Stories of struggling artists


Aris Prabawa with his work Born to Obey.
Aris Prabawa with his work Born to Obey.

The two current exhibitions being held at the Lismore Regional gallery deal with themes of struggle and survival in an environment where the military are a dominant force in everyday life.

The Nature of the Beast is a show by Lismore-based Indonesian artist Aris Prabawa that reflects on the social and political situation in his home country and The Force of Forgetting is a group exhibition curated by Khadim Ali that looks at the situation of the Hazara ethnic group in Afghanistan.

This Friday night, April 1, Aris and Khadim will be engaged in a discussion chaired by Suhanya Raffel, Deputy Director at the Queensland Art Gallery.

“This is a great coup to have her come open a dialogue between the artist and about life as an artist in those countries,” gallery director Brett Adlington said. “The two shows were being discussed independently of each other, but they are similar in terms of contemporary issues in Indonesia and Afghanistan and they cross over in many ways. There is a similar story of struggle.”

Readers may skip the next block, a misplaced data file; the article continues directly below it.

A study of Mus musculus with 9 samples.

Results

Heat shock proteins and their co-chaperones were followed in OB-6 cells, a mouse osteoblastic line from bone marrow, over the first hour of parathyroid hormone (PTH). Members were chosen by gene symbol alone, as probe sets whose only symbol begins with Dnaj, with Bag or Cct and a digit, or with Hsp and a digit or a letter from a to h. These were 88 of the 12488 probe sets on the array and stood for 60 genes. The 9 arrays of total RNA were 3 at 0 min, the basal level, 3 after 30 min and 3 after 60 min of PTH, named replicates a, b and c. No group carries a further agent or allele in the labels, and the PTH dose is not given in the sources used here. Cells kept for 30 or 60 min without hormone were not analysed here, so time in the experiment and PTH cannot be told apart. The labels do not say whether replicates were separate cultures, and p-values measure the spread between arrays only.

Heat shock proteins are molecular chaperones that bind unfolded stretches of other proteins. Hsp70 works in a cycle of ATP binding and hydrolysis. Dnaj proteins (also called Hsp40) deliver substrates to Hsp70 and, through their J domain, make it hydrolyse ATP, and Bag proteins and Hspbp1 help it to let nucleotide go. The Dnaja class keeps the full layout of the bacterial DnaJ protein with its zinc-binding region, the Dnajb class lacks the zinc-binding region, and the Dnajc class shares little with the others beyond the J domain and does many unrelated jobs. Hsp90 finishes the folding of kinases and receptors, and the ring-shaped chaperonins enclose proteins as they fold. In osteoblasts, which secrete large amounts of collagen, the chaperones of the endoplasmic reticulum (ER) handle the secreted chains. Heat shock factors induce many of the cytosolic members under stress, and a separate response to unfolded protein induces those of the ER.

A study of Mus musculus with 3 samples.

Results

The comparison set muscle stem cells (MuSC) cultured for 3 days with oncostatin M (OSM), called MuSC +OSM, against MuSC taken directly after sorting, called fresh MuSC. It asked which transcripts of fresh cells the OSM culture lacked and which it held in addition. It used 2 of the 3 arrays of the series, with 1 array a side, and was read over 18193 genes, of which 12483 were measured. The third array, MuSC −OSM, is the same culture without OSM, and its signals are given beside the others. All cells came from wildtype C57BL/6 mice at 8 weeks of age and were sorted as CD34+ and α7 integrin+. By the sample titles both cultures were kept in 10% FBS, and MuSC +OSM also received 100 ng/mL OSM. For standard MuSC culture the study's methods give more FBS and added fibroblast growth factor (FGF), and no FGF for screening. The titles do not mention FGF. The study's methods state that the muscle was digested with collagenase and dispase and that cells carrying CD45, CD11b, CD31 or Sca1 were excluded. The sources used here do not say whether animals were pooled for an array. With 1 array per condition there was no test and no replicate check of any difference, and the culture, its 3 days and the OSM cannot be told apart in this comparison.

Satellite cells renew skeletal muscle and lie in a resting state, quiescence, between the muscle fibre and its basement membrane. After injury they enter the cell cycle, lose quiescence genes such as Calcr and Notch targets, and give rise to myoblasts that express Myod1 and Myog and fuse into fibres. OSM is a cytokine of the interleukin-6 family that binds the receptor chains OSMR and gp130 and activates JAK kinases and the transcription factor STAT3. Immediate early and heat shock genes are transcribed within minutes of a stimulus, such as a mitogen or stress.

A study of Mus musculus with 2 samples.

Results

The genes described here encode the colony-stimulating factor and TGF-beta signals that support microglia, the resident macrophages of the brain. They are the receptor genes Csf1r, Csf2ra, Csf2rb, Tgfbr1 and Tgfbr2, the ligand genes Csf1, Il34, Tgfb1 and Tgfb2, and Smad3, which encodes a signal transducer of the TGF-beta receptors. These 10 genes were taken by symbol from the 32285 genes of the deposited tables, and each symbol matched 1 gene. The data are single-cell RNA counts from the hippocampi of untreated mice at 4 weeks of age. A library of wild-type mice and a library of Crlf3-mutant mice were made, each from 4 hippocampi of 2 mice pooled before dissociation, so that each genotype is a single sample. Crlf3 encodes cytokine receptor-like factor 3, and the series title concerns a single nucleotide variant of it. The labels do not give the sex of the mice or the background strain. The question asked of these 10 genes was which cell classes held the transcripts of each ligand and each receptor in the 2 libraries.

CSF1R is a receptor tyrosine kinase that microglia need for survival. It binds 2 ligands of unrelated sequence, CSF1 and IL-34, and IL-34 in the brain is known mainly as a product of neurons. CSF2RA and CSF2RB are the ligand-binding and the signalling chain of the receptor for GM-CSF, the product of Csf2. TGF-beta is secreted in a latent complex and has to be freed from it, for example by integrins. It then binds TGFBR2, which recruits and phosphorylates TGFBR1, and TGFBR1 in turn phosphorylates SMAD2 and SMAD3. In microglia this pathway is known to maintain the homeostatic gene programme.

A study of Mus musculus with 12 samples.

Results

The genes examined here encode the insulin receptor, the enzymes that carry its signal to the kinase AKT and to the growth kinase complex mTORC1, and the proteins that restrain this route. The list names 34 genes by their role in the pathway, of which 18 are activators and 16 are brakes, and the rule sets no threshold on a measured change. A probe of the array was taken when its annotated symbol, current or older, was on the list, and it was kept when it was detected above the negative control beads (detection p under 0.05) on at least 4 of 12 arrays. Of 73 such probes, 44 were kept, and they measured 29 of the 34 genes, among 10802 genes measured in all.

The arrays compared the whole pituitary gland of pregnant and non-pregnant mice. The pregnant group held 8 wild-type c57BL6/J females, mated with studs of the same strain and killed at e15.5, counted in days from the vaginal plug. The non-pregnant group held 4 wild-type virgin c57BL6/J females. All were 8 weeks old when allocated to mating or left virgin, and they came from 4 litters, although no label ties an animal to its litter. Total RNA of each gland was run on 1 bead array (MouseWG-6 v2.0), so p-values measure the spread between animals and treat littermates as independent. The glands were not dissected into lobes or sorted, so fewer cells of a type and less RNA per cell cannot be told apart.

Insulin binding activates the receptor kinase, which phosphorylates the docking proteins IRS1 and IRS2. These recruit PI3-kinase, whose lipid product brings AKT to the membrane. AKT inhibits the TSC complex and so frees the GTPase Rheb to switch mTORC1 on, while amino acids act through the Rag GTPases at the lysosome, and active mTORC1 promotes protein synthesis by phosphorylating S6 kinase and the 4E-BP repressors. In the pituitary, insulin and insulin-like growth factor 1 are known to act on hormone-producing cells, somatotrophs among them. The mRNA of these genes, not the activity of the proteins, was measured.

Aris was born in Solo, Java and was a founding member of the important artist-run collective Taring Padi in 1998 at the fall of the Suharto regime.

“While Indonesia is no longer ruled by a military dictatorship, the military is still central to political, economic and social life. The military is strongly involved in politics, with the current President a former General. It is directly involved in all levels of business in Indonesia… Its leaders are some of the wealthiest people in the country. Corruption is endemic and violence is used to suppress dissent,” Aris said.